Increased land costs and falling home prices could hurt the profit margins of property developers in Singapore, while the intense competition for land hinders their ability to restock at a reasonable costs, a BNP Paribas report revealed.
In a report by The Straits Times, BNP Paribas analyst Chong Kang Ho noted that while this could slow down the growth of these developers, shares of listed property developers have taken into account the upcoming oversupply of private homes—helping maintain a stable outlook for the property sector.
The report, which analysed around 185 successful Government Land Sale bids between 2007 and September 2015, found that property developers have become more cautious with their bids.
In fact, this year’s margin buffers—which is the difference between the plot’s development costs and the prevailing price of launches within the vicinity—are generally above the mean, said Chong. A wider spread of bids for sites may be due to the growing uncertainty within the global economy. This implies differing views among property developers.
Nonetheless, the number of bids for every site tender increased from an average of seven in 2014 to 9.3 so far this year. This comes as more property developers try to restock their land banks.
Although winning bids softened in some areas, plum sites continue to attract more bidders. As such, a slower decline in land costs may hurt the profit margins of Singapore developers, particularly if prices within the primary sales market continue to fall.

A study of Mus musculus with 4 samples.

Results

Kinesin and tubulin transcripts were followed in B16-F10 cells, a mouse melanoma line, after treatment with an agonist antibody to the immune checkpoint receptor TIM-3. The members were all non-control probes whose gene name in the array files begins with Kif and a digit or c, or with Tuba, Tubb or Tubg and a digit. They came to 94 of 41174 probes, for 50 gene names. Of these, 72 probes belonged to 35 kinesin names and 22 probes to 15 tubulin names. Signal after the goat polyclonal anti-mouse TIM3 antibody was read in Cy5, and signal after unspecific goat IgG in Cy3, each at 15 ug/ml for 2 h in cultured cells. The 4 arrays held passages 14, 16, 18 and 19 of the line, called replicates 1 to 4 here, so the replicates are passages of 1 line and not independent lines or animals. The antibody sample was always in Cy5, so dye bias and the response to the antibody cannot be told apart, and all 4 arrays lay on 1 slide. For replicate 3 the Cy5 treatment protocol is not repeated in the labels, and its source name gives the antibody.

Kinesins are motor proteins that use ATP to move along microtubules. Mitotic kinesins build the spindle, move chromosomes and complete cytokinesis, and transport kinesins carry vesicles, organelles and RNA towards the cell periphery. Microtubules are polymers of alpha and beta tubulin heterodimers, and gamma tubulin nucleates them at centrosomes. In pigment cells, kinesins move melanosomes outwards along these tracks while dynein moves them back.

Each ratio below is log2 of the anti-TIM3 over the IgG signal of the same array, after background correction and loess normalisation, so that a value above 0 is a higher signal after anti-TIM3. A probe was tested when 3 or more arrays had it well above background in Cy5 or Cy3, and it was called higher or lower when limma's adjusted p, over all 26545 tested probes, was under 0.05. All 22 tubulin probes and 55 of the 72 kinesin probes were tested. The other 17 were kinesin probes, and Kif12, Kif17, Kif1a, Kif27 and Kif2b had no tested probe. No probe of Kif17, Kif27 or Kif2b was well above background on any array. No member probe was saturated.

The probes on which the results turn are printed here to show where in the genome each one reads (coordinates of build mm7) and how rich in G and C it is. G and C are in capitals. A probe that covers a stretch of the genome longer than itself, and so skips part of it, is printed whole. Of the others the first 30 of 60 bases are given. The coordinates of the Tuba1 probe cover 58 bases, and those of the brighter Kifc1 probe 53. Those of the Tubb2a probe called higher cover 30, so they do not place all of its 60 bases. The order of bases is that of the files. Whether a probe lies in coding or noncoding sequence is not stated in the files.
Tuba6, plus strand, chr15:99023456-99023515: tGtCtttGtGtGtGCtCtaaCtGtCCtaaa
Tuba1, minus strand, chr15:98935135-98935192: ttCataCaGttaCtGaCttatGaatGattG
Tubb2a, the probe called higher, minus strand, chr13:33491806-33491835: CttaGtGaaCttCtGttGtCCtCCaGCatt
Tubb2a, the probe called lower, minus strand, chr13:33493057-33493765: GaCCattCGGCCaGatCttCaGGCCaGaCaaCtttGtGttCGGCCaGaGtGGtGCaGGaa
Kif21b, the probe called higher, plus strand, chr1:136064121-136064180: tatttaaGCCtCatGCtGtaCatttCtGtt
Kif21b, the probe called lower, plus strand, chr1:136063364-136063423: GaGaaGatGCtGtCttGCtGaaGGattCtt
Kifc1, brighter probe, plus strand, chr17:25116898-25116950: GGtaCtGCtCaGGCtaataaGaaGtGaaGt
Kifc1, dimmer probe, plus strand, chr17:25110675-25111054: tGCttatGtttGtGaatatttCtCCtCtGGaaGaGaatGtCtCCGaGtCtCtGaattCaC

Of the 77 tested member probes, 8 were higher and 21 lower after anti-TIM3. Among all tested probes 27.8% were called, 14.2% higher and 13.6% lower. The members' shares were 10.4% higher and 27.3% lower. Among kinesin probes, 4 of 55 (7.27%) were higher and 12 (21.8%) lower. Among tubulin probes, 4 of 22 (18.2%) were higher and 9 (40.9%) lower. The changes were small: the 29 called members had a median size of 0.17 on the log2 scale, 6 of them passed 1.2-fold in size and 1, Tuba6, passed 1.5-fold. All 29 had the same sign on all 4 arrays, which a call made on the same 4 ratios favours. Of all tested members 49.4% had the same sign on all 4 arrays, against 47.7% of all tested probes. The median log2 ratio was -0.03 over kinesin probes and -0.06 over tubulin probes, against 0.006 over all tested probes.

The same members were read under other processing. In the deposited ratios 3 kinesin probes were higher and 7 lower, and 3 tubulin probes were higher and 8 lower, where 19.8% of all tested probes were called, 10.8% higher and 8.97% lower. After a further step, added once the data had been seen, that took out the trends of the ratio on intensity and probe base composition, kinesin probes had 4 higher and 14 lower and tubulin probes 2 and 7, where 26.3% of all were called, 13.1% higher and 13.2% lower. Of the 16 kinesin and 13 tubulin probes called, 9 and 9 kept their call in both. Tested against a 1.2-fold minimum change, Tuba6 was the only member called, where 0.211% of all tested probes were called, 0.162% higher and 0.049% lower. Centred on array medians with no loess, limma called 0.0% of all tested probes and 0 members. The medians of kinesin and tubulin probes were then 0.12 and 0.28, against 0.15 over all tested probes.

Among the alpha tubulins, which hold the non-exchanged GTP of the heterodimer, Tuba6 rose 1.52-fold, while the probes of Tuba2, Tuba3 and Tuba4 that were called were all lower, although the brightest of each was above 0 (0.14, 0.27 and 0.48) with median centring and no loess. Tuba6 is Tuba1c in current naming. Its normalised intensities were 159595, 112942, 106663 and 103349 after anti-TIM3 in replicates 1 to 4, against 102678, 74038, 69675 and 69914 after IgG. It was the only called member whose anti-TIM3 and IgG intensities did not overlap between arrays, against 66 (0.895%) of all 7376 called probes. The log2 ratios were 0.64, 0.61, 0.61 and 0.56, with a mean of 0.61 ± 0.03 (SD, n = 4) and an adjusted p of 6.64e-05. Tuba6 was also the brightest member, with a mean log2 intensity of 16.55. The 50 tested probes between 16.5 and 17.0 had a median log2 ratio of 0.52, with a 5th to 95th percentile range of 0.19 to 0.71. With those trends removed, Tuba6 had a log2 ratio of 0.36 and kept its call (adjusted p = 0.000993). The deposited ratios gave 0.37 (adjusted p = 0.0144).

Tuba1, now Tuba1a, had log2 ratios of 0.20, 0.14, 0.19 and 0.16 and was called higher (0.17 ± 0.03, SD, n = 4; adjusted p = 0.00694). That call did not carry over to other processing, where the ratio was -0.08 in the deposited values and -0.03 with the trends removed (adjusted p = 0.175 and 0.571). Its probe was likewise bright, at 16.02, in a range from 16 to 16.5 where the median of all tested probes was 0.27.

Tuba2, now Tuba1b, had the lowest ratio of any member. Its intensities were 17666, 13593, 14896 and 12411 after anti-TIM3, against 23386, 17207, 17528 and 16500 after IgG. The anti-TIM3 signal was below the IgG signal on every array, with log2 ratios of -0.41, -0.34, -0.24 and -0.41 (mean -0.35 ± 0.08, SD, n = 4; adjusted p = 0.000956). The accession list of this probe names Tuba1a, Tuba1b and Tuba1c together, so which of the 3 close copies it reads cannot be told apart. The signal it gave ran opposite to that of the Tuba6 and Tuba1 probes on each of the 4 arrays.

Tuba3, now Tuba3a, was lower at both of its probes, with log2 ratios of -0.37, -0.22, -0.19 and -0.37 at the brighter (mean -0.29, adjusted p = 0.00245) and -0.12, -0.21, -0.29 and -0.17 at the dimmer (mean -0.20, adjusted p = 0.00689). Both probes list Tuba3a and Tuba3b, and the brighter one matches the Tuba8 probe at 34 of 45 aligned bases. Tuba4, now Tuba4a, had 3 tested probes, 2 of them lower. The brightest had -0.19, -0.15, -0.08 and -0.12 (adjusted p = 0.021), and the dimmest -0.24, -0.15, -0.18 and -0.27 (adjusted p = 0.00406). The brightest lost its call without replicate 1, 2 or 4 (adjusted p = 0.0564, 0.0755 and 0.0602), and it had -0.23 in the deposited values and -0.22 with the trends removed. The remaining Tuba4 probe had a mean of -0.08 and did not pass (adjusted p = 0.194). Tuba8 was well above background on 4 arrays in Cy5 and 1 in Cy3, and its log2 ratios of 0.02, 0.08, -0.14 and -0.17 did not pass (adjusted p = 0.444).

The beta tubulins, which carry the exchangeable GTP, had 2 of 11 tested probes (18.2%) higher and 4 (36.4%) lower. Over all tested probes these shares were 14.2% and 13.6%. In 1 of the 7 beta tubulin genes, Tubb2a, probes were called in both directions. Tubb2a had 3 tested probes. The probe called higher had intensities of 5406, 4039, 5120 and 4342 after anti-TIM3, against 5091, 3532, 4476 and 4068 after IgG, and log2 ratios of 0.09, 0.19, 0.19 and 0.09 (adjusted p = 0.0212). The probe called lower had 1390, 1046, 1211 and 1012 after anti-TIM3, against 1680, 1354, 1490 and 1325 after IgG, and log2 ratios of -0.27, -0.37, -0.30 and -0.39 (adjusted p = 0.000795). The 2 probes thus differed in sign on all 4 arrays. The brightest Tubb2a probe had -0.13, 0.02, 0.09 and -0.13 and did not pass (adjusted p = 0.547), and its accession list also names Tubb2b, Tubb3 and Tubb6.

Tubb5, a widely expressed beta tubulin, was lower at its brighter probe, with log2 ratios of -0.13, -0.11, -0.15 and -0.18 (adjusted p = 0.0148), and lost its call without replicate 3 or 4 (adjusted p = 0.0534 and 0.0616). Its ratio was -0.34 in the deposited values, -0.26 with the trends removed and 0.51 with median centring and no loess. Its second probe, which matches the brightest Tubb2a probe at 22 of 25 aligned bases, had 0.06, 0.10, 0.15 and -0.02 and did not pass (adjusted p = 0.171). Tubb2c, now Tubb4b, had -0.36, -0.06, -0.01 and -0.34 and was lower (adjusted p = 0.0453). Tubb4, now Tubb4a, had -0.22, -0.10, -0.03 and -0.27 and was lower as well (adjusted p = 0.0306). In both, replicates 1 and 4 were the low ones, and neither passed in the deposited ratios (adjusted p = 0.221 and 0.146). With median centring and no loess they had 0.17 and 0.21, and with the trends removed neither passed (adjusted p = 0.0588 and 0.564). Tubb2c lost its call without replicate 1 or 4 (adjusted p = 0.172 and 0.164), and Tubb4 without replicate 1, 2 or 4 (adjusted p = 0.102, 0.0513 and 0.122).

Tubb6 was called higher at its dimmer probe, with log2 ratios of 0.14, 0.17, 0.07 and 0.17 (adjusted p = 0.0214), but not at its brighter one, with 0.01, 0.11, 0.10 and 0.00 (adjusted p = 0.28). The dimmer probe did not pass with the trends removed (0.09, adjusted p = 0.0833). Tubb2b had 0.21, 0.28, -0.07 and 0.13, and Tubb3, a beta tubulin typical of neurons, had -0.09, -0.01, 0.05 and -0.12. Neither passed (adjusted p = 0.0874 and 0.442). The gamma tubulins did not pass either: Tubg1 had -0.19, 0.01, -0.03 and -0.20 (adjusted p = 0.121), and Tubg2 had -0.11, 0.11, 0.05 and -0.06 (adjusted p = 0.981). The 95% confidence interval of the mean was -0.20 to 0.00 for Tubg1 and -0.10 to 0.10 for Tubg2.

According to Chong’s estimates, the net margins of property developers sharply declined from its peak of 35.7 percent in 2009 to around 11.8 percent in 2014.
Given the increased competition for sites, even established Singapore developers struggled to restock their landbank.
Using Frasers Centrepoint and City Developments as proxies for developers, Chong said their success rate for securing land fell from 13 percent to 23 percent in 2010 to 2012, to 10 percent in 2013 and 2014, to zero so far this year, the report said.
This comes as these developers face intense competition from “new players entering the land market, and eager to expand market share, such as foreign developers, boutique local developers and construction-related companies.”